Escape from Debaltseve: Civilians flee besieged Ukraine town
The road to Debaltseve was almost empty. The Ukrainian army ordered us to drive down it as quickly as we could. Rebels have nearly encircled the town. This single road was the only way in.
The centre of town was almost deserted. In the main square, one man knelt outside a music academy to feed pigeons.
A family took shelter in the building's basement. An older man, Alexander, lay under a grey blanket. He was too weak to be moved.
Across the square, Alla was among a small group of people getting ready to leave town. Her 80-year-old father, Nikolai, stood close to her.
"The past two weeks have been awful, terrifying," she said. "There is bombing day and night. We want to leave so that our children can have a life."
A few minutes drive away, Ukrainian soldiers held their positions against rebels on the horizon.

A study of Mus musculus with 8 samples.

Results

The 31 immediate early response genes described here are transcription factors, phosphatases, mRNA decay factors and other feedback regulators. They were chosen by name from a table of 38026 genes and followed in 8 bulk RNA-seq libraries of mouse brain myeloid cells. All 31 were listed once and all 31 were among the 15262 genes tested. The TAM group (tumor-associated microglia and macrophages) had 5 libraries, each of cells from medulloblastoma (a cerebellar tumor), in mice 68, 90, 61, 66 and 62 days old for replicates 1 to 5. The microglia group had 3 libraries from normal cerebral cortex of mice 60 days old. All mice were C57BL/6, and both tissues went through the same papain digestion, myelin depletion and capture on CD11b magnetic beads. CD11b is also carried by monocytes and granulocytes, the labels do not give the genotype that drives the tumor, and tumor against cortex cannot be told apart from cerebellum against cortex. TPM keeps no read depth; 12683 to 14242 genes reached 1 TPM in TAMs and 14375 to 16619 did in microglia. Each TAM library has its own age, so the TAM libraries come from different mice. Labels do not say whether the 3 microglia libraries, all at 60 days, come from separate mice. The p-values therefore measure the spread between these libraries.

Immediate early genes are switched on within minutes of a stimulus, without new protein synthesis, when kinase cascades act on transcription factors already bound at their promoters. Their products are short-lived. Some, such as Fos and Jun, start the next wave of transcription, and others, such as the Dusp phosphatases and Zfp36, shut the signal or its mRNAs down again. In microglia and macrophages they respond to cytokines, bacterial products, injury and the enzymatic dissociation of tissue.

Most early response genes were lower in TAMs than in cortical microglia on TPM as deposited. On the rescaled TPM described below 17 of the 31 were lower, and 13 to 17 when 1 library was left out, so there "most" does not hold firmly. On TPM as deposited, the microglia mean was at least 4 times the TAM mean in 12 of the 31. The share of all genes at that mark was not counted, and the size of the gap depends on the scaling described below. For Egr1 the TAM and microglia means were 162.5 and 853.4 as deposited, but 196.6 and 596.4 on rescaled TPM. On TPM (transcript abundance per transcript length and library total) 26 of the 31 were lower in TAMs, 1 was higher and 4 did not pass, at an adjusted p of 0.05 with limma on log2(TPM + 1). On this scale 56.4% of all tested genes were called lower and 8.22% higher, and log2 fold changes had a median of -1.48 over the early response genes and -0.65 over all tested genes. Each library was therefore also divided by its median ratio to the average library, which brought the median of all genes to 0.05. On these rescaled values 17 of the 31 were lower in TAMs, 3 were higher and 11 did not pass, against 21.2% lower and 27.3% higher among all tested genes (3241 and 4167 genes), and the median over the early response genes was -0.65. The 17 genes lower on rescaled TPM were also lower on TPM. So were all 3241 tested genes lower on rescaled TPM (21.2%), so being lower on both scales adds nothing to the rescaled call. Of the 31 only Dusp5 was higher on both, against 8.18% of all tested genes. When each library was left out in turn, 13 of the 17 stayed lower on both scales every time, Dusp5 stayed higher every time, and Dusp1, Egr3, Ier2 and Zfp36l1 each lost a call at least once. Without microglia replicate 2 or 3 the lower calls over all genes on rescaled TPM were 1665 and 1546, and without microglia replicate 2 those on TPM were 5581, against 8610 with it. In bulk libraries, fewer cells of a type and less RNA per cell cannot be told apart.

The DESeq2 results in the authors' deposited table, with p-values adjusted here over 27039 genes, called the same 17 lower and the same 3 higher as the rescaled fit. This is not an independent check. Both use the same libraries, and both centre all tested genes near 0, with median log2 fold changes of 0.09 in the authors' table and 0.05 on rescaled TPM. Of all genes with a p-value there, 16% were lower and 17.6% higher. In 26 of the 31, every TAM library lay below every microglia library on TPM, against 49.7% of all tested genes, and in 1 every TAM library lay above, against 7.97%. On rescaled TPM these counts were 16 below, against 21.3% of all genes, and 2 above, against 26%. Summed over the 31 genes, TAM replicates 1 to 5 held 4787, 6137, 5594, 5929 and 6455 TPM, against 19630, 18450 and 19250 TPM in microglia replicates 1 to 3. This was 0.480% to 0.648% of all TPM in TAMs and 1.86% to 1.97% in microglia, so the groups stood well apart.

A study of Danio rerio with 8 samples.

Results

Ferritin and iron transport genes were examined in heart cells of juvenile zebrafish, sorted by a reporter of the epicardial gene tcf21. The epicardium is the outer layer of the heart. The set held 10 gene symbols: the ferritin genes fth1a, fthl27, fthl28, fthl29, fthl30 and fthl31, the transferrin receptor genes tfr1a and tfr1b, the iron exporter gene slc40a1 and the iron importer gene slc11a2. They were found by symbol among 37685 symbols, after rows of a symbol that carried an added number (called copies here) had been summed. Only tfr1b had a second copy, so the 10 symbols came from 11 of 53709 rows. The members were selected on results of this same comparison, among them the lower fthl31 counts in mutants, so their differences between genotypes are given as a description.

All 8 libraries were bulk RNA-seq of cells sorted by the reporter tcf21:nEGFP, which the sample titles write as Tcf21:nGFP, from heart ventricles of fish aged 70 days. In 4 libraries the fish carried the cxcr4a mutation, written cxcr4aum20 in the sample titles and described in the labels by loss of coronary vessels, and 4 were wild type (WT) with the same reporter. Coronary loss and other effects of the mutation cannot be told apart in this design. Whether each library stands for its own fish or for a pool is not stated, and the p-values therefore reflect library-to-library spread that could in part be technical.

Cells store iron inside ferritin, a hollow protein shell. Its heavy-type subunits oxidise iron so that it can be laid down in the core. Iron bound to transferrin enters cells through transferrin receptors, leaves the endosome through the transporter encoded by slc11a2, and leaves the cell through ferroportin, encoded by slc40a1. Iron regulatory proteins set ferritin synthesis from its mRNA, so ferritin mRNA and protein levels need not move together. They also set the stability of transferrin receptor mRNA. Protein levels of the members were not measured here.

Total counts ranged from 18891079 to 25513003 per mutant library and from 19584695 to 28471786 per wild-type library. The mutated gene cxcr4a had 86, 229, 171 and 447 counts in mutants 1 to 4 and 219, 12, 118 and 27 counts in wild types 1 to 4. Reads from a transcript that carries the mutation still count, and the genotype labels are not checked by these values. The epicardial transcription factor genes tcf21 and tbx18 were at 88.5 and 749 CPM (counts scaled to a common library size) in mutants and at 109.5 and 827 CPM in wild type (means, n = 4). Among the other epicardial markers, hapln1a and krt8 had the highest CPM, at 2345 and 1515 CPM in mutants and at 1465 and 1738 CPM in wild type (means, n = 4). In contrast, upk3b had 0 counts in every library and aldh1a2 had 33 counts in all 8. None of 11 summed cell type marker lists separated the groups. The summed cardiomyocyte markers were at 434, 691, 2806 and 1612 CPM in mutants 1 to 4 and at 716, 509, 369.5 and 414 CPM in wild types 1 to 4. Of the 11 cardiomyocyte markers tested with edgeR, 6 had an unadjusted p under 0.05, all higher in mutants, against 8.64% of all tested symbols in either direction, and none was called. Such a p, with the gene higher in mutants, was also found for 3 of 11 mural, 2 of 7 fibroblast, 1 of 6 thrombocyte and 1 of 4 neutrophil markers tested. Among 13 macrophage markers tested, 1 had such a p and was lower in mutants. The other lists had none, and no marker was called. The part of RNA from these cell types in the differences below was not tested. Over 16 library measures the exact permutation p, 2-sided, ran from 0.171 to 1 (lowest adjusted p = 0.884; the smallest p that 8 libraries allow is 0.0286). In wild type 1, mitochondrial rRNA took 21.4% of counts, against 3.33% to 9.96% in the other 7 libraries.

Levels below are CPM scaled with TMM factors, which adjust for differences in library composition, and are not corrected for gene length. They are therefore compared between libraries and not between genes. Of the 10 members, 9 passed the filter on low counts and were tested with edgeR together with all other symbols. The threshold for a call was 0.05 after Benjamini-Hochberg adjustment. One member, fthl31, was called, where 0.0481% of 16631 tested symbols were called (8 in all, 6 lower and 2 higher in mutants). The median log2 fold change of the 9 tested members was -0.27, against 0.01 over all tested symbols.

On the distant hillside, we saw puffs of smoke from outgoing Ukrainian artillery fire.
Yevhen Velgush, 52, gave up his job as a doctor on a cruise ship to serve as an army surgeon.
He wandered around the military encampment in sunglasses in a boisterous mood.
"This is my home, right?" he announced. "Everybody comes to my home, right, they are guests. They [are] welcome always.
"But if someone come in my house and start dictating [to] me... what am I gonna do? I'm gonna take the gun and I'll shoot them."
We watched columns of tanks and armoured personnel carriers head down the road. Soldiers cheered as they went by.
But their government may be less optimistic.
In order to hold its ground here and elsewhere, Ukraine says that it has to get better weapons from the West. It cannot beat Russia on its own.